340 pages, with a reading time of ~5.25 hours (85,216 words), and first published in 1933. This DRM-Free edition published by epubBooks, 2014.
‘Oh, Charlie!’ she cried. ‘You surely haven’t bought it!’ and her little brow, that she tried so fiercely to keep smooth, puckered into its customary little gathering of wrinkles.
The dog, taking an instant dislike to her, sank his head between his shoulders. He was an Alsatian.
‘Well … ‘ said Charlie, smiling nervously. He knew that his impulsiveness had led him once more astray. ‘Only the other evening you were saying that you’d like a dog.’
‘Yes, but NOT an Alsatian! You KNOW what Alsatians are. We read about them in the paper every day. They are simply not to be trusted. I’M sure he looks as vicious as anything. And what about Mopsa?’
‘Oh, Mopsa … ‘ Charlie hesitated. ‘He’ll be all right. You see, Sibyl, it was charity really. The Sillons are going to London as you know. They simply can’t take him. It wouldn’t be fair. They’ve found it difficult enough in Edinburgh as it is.’
‘I’m sure they are simply getting rid of him because he’s vicious.’
‘No, Maude Sillon assured me. He’s like a lamb–’
‘Oh, Maude! She’d say anything!’
‘You know that you’ve been wanting a companion for Mopsa–’
‘A companion for Mopsa! That’s good!’ Sibyl laughed her shrill little laugh that was always just out of tune.
‘Well, we’ll try him. We can easily get rid of him. And Blake shall look after him.’
‘Blake!’ She was scornful. She detested Blake, but he was too good a chauffeur to lose.
‘And he’s most awfully handsome. You can’t deny it.’
She looked. Yes, he was most awfully handsome. He had lain down, his head on his paws, staring in front of him, quite motionless. He seemed to be waiting ironically until he should be given his next command. The power in those muscles, moulded under the skin, must be terrific. His long wolf ears lay flat. His colour was lovely, here silver-grey, there faintly amber. Yes, he was a magnificent dog. A little like Blake in his strength, silence, sulkiness.
She turned again to the note that she was writing.
‘We’ll try him if you like. Anyway there are no children about. It’s Blake’s responsibility–and the moment he’s tiresome he goes.’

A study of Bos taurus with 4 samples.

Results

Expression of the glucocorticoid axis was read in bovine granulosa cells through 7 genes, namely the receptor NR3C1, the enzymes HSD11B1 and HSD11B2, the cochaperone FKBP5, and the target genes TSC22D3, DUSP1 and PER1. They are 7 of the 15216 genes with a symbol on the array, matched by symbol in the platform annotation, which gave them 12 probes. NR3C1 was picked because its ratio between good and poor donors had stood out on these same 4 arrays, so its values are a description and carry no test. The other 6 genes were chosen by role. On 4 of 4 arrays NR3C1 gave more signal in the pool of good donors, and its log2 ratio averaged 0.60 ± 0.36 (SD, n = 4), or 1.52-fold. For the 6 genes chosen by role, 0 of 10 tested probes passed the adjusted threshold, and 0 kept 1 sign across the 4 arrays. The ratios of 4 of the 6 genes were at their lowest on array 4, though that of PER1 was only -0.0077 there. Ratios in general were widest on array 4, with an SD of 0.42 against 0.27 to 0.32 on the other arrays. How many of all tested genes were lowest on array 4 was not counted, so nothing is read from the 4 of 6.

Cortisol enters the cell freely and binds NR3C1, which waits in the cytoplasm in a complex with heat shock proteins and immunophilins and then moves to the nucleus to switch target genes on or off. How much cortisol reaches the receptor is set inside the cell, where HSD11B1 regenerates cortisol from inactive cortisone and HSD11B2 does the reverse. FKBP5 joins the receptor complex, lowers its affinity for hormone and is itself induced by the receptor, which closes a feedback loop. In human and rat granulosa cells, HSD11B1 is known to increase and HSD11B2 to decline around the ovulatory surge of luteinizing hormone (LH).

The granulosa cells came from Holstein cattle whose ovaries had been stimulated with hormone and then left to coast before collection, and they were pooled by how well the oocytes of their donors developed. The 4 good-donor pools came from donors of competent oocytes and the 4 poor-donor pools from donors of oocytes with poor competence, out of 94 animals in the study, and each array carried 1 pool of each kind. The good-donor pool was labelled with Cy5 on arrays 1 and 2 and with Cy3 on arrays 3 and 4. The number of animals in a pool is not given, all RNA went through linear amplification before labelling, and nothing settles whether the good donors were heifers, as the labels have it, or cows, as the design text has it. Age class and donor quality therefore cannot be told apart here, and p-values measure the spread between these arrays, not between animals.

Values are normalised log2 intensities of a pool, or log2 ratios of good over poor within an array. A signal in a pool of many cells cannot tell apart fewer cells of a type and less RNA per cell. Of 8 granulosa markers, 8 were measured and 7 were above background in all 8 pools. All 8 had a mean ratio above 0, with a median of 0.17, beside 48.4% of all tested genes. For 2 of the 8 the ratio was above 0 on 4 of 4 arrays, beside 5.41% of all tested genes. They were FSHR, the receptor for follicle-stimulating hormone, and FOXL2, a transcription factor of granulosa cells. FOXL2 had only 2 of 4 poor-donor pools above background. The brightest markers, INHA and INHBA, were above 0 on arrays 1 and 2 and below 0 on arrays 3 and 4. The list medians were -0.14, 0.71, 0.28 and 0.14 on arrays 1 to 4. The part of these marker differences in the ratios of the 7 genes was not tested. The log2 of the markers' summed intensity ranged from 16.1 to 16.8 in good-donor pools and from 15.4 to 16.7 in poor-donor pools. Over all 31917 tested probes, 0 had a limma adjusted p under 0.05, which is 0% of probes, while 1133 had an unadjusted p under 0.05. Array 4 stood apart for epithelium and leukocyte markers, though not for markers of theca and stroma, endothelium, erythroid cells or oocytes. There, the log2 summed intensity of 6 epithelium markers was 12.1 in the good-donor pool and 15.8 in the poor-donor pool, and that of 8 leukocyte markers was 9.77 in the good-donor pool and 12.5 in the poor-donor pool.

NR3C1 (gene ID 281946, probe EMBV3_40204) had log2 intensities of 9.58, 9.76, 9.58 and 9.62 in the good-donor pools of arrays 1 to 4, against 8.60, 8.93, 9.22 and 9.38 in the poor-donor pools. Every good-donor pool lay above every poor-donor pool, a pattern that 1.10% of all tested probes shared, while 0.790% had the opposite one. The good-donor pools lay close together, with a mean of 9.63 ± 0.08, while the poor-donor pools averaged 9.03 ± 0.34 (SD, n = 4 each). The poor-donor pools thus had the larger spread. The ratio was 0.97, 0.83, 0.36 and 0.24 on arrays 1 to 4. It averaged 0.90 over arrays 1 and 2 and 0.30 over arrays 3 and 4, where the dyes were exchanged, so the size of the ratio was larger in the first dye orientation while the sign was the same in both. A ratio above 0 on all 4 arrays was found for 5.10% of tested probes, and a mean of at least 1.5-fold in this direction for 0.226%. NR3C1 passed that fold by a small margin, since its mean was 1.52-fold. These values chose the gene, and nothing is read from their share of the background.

Charlie was relieved. It hadn’t been so bad after all.
‘Oh, Blake says he doesn’t mind. In fact he seemed to take to the dog at once. I’ll call him.’
He went to the double windows that opened into the garden and called: ‘Blake! Blake!’
Blake came. He was still in his chauffeur’s uniform, having just driven his master and the dog in from Keswick. He was a very large man, very fair in colouring, plainly of great strength. His expression was absolutely English in its complete absence of curiosity, its certainty that it knew the best about everything, its suspicion, its determination not to be taken in by anybody, and its latent kindliness. He had very blue eyes and was clean-shaven; his cap was in his hand, and his hair, which was fair almost to whiteness, lay roughly across his forehead. He was not especially neat but of a quite shining cleanliness.
The dog got up and moved towards him. Both the Penwins were short and slight; they looked now rather absurdly small beside the man and the dog.
‘Look here, Blake,’ said Charlie Penwin, speaking with much authority, ‘Mrs. Penwin is nervous about the dog. He’s your responsibility, mind, and if there’s the slightest bit of trouble, he goes. You understand that?’
‘Yes, sir,’ said Blake, looking at the dog. ‘But there won’t be no trouble.’
‘That’s a ridiculous thing to say,’ remarked Mrs. Penwin sharply, looking up from her note. ‘How can you be sure, Blake? You know how uncertain Alsatians are. I don’t know what Mr. Penwin was thinking about.’
Blake said nothing. Once again and for the hundred-thousandth time both the Penwins wished that they could pierce him with needles. It was quite terrible the way that Blake didn’t speak when expected to, but then he was so wonderful a chauffeur, so good a driver, so excellent a mechanic, so honest–and Clara, his wife, was an admirable cook.
‘You’d better take the dog with you now, Blake. What’s his name?’
‘Adam,’ said Charlie.
‘Adam! What a foolish name for a dog! Now don’t disturb Clara with him, Blake. Clara hates to have her kitchen messed up.’
Blake, without a word, turned and went, the dog following closely at his heels.
Yes, Clara hated to have her kitchen messed up. She was standing now, her sleeves rolled up, her plump hands and wrists covered with dough. Mopsa, the Sealyham, sat at her side, his eyes, glistening with greed, raised to those doughy arms. But at sight of the Alsatian he turned instantly and flew at his throat. He was a dog who prided himself on fighting instantly every other dog. With human beings he was mild and indifferently amiable. Children could do what they would with him. He was exceedingly conceited, and cared for no one but himself.